Keeping Your Family Safe in Coastal Florida
There are two kinds of problems that may affect your family while traveling in Coastal Florida: theft and drowning. For the first, make sure everyone keeps their valuables on them at all times. Don't leave bags unattended anywhere. If you're going to the beach, take just enough money for the day and don't flaunt expensive electronic devices like Game Boys, iPods, or portable DVD players. You're only asking for trouble. Use the hotel's safe or a safe in your room, if you have one, to lock up your valuables — cameras, extra money, and so on — when you're not using them. If driving, park your vehicle in a protected area and lock all valuables out of sight. And leave your expensive jewelry at home — purchase some fun jewelry at the beach. If you have a problem with theft, report it immediately to the local authorities.
Surrounded on three sides by water, Coastal Florida offers a myriad of water-based activities, thus drownings do occur now and then. They can be avoided as long as you respect the power of the water, heed appropriate surf warnings, and use good sense. Unfortunately, young children rarely use common sense, so you need to always watch out for them near water. If you go boating in a canoe or motorboat, other than on an excursion sightseeing boat, make sure that everyone in your family wears a life jacket. With so much water available, the best protection for everyone is to know how to swim.
Florida's tropical waters often contain dangerous creatures. In salt waters, you may confuse the fin of a dolphin with that of a shark. If you see a fin, head to shore calmly but quickly. In fresh waters, alligators have been known to drown swimmers or divers who venture into areas that are off limits. Heed warnings. They're there to protect you.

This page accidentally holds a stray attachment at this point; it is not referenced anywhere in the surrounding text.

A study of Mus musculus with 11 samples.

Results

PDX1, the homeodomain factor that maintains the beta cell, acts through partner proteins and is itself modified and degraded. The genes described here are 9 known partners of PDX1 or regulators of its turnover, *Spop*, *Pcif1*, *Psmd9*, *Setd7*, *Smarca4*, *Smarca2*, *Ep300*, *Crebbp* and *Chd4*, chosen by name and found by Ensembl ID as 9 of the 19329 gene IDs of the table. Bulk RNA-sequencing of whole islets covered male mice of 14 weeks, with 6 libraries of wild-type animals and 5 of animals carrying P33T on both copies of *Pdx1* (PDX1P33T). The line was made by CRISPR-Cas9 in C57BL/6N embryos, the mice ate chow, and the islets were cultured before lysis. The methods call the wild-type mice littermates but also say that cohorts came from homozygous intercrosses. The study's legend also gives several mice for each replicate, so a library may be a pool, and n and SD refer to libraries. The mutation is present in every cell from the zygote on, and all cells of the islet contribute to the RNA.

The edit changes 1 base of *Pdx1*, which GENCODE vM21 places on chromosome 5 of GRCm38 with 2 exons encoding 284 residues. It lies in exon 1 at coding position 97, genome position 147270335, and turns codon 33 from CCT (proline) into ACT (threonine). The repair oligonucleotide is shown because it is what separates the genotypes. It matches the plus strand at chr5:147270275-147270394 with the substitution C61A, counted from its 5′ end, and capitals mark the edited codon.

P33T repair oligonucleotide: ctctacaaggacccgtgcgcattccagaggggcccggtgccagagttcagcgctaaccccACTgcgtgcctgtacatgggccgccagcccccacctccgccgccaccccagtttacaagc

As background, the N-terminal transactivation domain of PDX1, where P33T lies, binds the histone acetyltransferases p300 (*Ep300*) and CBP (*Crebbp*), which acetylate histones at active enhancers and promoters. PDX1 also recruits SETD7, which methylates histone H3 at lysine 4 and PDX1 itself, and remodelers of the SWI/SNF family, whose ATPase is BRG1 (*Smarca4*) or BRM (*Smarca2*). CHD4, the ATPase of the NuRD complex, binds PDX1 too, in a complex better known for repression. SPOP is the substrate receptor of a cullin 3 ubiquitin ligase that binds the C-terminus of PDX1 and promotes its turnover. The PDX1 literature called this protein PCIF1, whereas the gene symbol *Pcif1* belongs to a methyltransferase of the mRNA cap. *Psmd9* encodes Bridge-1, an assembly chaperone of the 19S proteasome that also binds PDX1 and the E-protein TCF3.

Wherever any member of your family swims, he or she should never do it alone. If the surf is high in either the Atlantic Ocean or the Gulf, keep your face toward the incoming waves to avoid unpleasant surprises. A good rule to follow is feet first, first time, even though Florida's coastal waters are often clear. Before you attempt surfing, take some lessons from an expert to learn the proper techniques and dangers. Heed signs or flags warning of dangerous currents and undertows. If you get caught in a rip current or any tow that makes you feel out of control, don't try to swim against it. Head across it, paralleling the shore. Make sure you and your children avoid using any type of floats, inner tubes, or rafts when playing in the surf. If you swim in or wade around in murky waters where shellfish may dwell, be sure to wear canvas or water shoes (sold as Hydro Sox) to protect your feet.
Bugs are a fact of life, especially if you travel to Coastal Florida in the summer. Bug season usually lasts from March until mid November in the northern regions and all year in the southern ones. The mosquito should be Florida's official state insect. They follow the scent of carbon dioxide that humans give off and tend to be around warm, moist places. Only the female bites. Avoid them by staying clear of marshes and swamps — though this is almost impossible in South Florida. Be sure whatever insect repellent you use contains a high amount of DEET (N-diethylmeta toluamide) or permethrin.